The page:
Monday, July 29, 2013
Blowback by Brad Thor
Blowback was rated #52 by National Public Radio listeners in its list of top 100 Killer Thrillers.
This was the second Brad Thor novel I've read. One of the characteristics that I've noticed in his novels is his habit of naming obscure government agencies or military units and then referring to them by their initials.
When I finished The Athena Project I wondered, 'is he making this stuff up or is that the real name.' I didn't like The Athena Project so I didn't give it much further thought.
I read Blowback because of the NPR list. I was again struck by how much effort Thor goes into establishing all of these initialed agencies. I remembered reading an offering of research advice by an aclaimed writer to make it up. It's fiction. Don't worry about getting it exactly right.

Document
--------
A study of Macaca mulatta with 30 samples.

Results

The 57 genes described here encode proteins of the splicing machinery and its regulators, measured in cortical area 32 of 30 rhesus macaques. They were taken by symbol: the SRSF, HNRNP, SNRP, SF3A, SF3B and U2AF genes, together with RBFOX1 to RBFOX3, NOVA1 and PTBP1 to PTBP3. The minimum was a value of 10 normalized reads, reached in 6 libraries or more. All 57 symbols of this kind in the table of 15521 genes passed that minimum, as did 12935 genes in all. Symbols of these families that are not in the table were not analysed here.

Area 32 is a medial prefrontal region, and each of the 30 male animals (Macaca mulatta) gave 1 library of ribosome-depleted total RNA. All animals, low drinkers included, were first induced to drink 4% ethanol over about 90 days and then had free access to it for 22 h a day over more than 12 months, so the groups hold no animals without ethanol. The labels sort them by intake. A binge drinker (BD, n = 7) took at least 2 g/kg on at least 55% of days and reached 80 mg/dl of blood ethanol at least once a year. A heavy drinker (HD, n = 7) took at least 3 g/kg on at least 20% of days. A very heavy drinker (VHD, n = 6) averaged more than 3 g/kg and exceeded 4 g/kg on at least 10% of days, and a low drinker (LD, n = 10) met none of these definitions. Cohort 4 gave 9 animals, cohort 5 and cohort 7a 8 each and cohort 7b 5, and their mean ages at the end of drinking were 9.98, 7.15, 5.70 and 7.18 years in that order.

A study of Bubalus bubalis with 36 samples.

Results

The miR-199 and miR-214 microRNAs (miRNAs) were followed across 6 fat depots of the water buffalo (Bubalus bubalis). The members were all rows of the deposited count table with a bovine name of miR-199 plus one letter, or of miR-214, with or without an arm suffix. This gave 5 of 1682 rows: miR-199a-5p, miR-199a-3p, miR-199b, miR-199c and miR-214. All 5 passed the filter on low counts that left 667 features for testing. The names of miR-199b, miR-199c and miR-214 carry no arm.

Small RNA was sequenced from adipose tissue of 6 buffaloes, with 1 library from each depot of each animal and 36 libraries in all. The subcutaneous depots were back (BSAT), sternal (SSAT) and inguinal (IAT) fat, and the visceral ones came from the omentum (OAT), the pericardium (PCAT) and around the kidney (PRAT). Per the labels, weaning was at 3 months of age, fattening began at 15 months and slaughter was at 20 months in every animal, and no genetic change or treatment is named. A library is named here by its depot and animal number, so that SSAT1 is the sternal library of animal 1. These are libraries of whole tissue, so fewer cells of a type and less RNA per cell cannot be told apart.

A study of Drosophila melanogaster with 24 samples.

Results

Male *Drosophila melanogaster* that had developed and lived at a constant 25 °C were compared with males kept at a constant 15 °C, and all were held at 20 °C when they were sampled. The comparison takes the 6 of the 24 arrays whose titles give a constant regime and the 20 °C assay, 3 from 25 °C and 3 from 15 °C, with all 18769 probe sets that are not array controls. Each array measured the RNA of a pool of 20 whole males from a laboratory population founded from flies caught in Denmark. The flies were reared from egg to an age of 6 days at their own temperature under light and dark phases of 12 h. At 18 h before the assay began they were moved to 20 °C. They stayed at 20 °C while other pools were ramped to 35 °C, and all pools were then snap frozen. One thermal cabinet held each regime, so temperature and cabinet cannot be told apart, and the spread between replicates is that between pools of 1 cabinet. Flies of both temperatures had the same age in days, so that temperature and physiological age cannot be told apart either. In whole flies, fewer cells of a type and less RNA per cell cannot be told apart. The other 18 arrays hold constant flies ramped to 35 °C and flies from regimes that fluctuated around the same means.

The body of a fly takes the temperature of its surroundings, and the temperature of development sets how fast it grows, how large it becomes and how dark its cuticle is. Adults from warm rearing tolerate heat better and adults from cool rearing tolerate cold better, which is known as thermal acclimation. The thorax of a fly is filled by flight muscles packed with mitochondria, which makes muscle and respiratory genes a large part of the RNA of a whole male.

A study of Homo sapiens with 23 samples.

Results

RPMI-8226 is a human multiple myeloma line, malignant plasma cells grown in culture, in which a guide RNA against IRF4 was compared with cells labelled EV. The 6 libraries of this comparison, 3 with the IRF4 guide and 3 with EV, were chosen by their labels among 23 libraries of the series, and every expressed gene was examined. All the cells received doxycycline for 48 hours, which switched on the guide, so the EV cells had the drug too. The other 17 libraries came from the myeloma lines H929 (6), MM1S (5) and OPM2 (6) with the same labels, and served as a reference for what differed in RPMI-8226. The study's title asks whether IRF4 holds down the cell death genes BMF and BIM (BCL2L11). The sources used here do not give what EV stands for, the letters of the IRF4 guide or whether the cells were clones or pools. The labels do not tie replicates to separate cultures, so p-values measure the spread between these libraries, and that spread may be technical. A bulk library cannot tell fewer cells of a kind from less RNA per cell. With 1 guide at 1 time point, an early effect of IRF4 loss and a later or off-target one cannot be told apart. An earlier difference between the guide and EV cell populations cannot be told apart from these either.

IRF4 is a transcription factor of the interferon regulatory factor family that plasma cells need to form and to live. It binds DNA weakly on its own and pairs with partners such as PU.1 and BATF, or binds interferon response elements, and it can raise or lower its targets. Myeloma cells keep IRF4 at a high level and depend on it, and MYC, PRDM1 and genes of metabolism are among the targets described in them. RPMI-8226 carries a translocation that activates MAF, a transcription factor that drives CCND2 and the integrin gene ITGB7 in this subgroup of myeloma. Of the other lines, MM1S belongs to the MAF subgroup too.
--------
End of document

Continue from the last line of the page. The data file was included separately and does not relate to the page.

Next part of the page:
Thor is so precise. Does he know all this stuff he packs into his novels or is he making it up? So after I read Blowback, I cranked up Google and began searching. Sure enough I found multiple obscure government agencies in Wikipedia. Then I looked up the story of Otto Skorzeny which is highlighted prominently in the novel. Yes, it was a real story.
Now I'm wondering how much more of the novel is based on fact and how much is fiction? When I read my next Thor novel I'm going to read with a tablet to list things to look up when I finish reading it.
Blowback is a good read and apparently a lot of it is based on fact. And because the subject of the novel is Islamic terrorism, it's kinda scary to think about the parts that might really be true.